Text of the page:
Note: For the purposes of full disclosure, GFL Environmental is a sponsor of Polk.Today. – KtE

The Polk County Commission spent years working to get some of the problems at the Grady Road Landfill resolved, and based on a Tuesday night vote, the issue is now put to bed as far as the courts are concerned.

Commissioners voted 3-2 for a final ordinance to resolve their court case over the landfill, brought about when Waste Industries was still a separate company and operating the Grady Road facility on Highway 278.

It came at the close of the meeting after Commissioners spent more than an hour in executive session discussing several items, and came out and voted on the disposition of the case three years after it was filed.

Commissioners Scotty Tillery and Gary Martin voted against the “final order regarding landfill litigation,” while Commissioners Linda Liles, Chuck Thaxton and Ray Carter voted to end the suit.

A two-page press release was provided late this afternoon from Polk County (at 4:51 p.m.) that discussed the reasons behind resolving the case outside of court instead of continuing the court battle that began in May 2018.

Among those is the $1,075,106.15 in back underpaid host fees and fuel surcharge fees the county felt it deserved, along with keeping a number of items in place that began with a injunction filed to stop certain activities at the landfill in the past.

Those include ensuring that soil cover remains in place on a daily basis with no permitted use of a tarp allowed again, buying leachate tanks to replace the ponds there, allowing no sludge of any kind, limiting tipping fees to $20 for seven years, and ensuring that horizontal instead of vertical growth of the landfill is promoted.

Attached below are the two pages:

GFL Environmental provided the following statement via a spokesperson on the resolution of the case:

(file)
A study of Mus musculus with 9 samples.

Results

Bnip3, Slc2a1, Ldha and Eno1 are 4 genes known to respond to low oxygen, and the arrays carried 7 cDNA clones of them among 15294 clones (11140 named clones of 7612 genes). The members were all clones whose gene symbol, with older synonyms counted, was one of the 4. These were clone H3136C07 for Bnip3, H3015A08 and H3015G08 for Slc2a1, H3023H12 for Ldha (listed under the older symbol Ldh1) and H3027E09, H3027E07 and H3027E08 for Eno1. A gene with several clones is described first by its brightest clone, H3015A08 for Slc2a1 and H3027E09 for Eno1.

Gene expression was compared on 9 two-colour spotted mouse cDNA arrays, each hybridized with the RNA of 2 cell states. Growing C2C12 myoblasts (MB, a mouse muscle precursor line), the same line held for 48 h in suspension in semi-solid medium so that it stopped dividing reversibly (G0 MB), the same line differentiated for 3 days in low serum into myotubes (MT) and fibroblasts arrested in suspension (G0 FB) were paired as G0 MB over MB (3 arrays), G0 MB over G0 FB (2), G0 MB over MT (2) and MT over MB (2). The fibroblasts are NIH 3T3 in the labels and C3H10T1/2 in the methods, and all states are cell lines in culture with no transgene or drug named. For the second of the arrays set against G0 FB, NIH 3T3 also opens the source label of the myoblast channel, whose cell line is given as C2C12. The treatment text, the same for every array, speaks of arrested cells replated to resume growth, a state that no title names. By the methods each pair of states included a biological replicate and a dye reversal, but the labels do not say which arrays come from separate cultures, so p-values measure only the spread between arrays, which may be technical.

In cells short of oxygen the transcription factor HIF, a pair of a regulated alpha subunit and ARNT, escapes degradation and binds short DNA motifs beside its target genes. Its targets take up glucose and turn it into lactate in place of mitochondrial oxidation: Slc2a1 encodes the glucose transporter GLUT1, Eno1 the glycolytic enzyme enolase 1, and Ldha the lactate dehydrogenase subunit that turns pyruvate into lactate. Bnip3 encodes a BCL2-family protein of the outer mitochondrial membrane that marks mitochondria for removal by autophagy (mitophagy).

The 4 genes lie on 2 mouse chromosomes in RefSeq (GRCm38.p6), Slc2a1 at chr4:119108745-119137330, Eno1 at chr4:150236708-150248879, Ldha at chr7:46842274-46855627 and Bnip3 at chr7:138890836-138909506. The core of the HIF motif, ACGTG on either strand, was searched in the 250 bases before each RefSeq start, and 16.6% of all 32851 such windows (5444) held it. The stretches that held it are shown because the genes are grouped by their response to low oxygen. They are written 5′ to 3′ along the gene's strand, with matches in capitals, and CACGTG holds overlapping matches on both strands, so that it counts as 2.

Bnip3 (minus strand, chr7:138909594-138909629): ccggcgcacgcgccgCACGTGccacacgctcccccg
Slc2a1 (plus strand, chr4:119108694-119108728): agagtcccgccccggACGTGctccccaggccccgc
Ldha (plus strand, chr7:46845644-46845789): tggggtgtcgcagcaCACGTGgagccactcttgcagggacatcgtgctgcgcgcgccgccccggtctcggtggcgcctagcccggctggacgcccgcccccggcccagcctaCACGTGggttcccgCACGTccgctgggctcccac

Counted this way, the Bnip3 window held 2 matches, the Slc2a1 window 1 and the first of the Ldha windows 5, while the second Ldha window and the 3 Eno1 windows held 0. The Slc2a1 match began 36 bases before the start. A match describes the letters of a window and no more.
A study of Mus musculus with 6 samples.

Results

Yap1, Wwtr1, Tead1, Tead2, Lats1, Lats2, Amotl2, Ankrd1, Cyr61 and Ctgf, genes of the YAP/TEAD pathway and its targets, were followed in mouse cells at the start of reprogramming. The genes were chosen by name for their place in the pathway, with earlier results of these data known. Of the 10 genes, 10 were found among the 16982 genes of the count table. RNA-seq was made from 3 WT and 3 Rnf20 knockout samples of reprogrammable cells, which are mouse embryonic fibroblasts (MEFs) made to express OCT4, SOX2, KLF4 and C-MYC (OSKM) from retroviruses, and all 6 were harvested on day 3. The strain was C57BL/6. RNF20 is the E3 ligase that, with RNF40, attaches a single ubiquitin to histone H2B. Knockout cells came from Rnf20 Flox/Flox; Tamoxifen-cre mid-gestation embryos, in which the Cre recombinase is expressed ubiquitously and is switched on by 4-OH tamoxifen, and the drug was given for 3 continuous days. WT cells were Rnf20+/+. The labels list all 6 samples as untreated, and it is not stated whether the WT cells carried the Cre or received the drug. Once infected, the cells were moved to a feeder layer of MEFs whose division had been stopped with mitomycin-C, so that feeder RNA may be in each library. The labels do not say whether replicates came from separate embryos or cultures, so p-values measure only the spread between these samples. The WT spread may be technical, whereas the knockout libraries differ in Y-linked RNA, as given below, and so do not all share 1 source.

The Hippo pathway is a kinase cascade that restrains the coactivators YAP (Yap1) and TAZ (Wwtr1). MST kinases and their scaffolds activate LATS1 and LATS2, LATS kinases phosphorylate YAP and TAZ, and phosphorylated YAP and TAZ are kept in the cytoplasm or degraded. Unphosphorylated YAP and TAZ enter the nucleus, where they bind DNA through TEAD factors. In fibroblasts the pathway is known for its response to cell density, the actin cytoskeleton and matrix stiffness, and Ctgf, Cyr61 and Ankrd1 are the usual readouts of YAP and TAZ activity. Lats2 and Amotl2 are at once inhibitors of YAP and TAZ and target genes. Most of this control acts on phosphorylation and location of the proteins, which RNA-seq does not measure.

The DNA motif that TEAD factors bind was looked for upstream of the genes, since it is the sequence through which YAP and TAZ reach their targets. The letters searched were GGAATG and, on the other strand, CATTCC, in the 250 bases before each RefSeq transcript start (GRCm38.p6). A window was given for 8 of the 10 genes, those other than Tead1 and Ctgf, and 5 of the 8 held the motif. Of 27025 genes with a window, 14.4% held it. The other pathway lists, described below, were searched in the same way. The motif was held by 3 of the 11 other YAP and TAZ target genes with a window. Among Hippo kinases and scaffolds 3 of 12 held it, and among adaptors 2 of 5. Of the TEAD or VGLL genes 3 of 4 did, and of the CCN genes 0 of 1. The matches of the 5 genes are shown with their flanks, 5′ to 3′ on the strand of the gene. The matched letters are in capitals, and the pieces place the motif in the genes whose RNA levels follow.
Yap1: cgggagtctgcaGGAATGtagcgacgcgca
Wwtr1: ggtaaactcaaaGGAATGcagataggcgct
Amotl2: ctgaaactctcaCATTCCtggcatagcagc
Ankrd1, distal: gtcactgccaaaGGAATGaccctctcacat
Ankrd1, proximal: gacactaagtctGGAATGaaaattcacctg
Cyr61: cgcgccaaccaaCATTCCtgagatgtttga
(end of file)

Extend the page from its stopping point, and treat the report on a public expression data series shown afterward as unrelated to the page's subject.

“GFL remains committed to the landfill and its partnership with the county,” it read.

Waste Industries was purchased by GFL Environmental – a Canadian-based waste management firm – in the months following the filing of the suit and then went to court to determine whether an injunction on certain activities was allowed. That was in the process of litigation via the appellate court in Georgia when the COVID-19 pandemic began.

Those included requiring a layer of soil be placed over trash on a daily basis instead of using tarp coverings, ensuring that trucks are being inspected and cleaned properly before they leave the landfill, mitigating the vulture population, refusing all sludge in the landfill and paying back money the county said it was due on fees for trucks coming into the facility from the metro Atlanta area and other localities.

The Grady Road Landfill is one of several regional facilities that take municipal solid waste, and the majority of the annual tonnage going into the facility comes from outside of Polk County. Agreements between original operators – ETC of Georgia, then purchased by Waste Industries who in turn was purchased in recent years by GFL Environmental – require that the county takes a percentage of the total tipping fees for each truck based on the tonnage brought in each load on an annual basis.

That totals up to millions of dollars of revenue gained for the County government’s coffers, put in a special landfill fund that has been utilized in a variety of ways over the years. Most recently, the funds are being used to partially fund the new P-25 radio communication system for public safety use, and has funded several projects over the years like the 911 center within the Polk County Public Safety facility, some of the cost of the runway extension project, and many others.